Getting the job done right in ARRA disbursement


Tags: ARRA, stimulus

In a commencement speech at Notre Dame in 1981, Ronald Reagan spoke about each successive generation having “opportunities beyond anything we’ve ever known.”  For the first time in my life, I am concerned that my children may grow up in an America with less opportunity than the America that I have known and loved.  Like many Mississippians, I watch daily news shows report on the latest federal government bailout or stimulus package.  I ask myself “when is this going to stop” and “how are we going to pay for it.” Recently, the Russian magazine Pravda posed the same questions referencing our nation’s slide towards Marxism. In this article, the editors referred to the American people as “Sheeple.” After reading this comment, I wondered if we are being led to an unprecedented “fleecing” or “to slaughter.” 

 

ARRA reality

The stimulus package, formally known as the American Recovery and Reinvestment Act (ARRA), is a reality.  Whether you were for it or against it, it doesn’t  matter. The reality is that Mississippi now has the responsibility to spend, track and comply with this new federal law. To say that Congress reacted and rushed through a piece of legislation that now requires states to “build the plane as we are flying it” is an understatement. ARRA monies are already being spent in Mississippi. Some Mississippi projects have already been completed, yet regulations and reporting requirements are still being developed by the White House Office of Management and Budget.  

Following Hurricane Katrina, the federal government expected Mississippi to have 7 to 10 percent of fraud related to the one-time disaster monies from the federal government. The reality was that Mississippi had less than one percent of fraud spending over $20 million given to the state.  This is the kind of stewardship and accountability taxpayers expect and deserve from our leaders in Mississippi.  Now Mississippi must implement those same best practices implemented in the devastating aftermath of Hurricane Katrina when working with the ARRA funds. 

 

Looking to the future

Many state and local officials in Mississippi forget to look to the future.  It is important that we focus on the bigger picture. As state auditor, my sole purpose is to protect the reputation and the integrity of Mississippi taxpayers. Mississippi cannot wait for those in D.C. to take action, and we should not be a responsive state. Instead, Mississippi should be proactive in our oversight and reporting of these ARRA funds.  

The State Auditor’s Office, along with the Mississippi Department of Finance and Administration and Gov. Haley Barbour, have already taken steps to protect the taxpayers of Mississippi. DFA has provided a system to segregate all ARRA funds. 

 

Initial performance audits

My office has conducted initial performance audits of all state agencies receiving ARRA funds to test for strong internal controls, work flow capacity and insure that fraud prevention and detection measures are in place. The challenge now is to collect all of the data necessary for reporting and complying with new federal laws. These steps are important not only to protect the taxpayers but also to protect our reputation as a state. Mississippi was selected to be one of 16 states closely monitored throughout the disbursement of ARRA funds. This doesn’t mean we have any additional laws to follow, but it does mean that the media is watching how well Mississippi handles these billions of dollars coming into the state. As a proud seventh-generation Mississippian, I want to implement the best practices shown following Katrina with the ARRA funds and continue to set an example to the rest of our country on accountability and transparency in government.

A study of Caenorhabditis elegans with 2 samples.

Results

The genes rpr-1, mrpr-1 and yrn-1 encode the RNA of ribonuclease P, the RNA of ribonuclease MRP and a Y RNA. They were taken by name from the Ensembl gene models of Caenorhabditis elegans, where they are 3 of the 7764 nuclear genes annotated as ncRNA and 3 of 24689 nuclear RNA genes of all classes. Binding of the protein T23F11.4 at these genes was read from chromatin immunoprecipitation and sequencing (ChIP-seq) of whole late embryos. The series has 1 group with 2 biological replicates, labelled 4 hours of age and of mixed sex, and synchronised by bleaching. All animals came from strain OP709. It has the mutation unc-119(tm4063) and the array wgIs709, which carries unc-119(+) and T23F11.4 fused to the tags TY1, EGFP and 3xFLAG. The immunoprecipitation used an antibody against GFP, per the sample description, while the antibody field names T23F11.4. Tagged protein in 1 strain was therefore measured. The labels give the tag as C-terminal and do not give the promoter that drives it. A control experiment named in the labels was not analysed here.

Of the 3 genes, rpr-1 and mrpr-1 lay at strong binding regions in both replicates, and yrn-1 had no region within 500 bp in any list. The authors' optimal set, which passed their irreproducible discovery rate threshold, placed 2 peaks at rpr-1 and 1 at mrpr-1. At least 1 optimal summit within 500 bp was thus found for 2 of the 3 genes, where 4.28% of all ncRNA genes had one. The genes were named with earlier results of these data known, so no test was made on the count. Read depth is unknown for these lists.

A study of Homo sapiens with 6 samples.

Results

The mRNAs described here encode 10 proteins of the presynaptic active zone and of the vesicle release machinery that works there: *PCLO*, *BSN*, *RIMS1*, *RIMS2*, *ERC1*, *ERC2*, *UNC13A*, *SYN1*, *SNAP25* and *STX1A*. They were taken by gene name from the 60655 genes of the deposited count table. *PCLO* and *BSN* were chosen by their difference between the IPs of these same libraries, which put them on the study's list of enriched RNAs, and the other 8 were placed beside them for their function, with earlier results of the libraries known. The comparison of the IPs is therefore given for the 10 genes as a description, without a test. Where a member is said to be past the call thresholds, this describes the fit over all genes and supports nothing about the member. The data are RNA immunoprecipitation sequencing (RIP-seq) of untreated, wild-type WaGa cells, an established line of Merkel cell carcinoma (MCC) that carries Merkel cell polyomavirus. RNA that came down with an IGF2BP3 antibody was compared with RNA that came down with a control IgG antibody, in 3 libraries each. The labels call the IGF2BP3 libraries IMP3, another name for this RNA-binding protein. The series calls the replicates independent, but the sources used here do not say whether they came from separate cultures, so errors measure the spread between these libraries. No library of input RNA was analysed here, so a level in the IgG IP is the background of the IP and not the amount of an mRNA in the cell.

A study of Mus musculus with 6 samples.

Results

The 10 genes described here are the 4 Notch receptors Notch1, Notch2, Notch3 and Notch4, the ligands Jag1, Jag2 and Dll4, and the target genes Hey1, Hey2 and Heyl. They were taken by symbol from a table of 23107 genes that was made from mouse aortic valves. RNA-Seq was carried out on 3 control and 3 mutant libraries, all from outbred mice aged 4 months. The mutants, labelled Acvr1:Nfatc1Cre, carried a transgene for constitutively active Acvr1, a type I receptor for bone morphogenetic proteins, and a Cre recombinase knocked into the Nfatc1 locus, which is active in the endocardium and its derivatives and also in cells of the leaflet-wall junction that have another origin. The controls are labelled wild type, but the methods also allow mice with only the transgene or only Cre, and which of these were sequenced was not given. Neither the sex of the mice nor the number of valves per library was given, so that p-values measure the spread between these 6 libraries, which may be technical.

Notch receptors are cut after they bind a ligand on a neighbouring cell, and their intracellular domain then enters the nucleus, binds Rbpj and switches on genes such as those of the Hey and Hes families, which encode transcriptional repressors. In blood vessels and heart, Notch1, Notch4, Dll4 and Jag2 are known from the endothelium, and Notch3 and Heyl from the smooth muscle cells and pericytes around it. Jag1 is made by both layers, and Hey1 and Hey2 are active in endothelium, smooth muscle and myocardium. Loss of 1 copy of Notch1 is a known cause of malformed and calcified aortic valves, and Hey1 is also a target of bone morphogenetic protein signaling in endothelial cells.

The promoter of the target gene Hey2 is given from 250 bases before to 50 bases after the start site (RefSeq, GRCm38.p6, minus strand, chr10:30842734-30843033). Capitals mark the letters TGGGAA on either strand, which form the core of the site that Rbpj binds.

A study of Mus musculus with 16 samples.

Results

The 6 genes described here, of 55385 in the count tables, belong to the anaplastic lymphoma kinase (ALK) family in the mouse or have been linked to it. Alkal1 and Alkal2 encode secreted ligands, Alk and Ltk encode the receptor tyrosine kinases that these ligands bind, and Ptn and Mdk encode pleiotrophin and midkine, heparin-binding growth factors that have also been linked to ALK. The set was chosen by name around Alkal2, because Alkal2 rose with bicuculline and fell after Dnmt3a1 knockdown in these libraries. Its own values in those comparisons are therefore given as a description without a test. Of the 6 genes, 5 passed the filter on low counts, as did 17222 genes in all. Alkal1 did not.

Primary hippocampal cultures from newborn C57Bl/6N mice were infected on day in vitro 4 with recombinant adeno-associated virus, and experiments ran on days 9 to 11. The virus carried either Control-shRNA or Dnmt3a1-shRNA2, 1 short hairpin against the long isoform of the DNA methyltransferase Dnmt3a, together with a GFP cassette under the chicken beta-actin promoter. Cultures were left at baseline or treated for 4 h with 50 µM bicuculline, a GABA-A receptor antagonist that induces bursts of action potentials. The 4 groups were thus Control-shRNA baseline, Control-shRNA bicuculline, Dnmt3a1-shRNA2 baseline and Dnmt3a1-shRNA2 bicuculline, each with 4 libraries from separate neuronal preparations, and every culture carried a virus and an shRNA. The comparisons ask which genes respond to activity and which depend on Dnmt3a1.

Achieving these goals, providing the taxpayers with unprecedented transparency, is only possible if our state and local elected officials in Mississippi worth together. This means putting aside any turf battles between our leaders. 

 

Don’t worry about who gets credit

Our job responsibilities must remain our top priority if we are ever to accomplish this level of accountability. Ronald Reagan often said, “Do not worry about who gets the credit. If we do our job, there will be enough credit for everybody.”

Mississippi’s compliance with ARRA regulations is not a left or right issue. It is not about Republican or Democrat. Playing by the rules and being good stewards of these taxpayers dollars is a matter of right or wrong. We simply want to get it right. That is a task I take very seriously, and I challenge all our leaders in Mississippi to take the challenge of fiscal responsibility and accountability not only with the ARRA funds but with all of our hard-earned tax dollars. 

 

Stacey Pickering, Mississippi’s state auditor, contributed this Op-Ed column for the Mississippi Business Journal. For a public official or newsmaker to contribute an Op-Ed column, contact MBJ managing editor Ross Reily at ross.reily@msbusiness.com.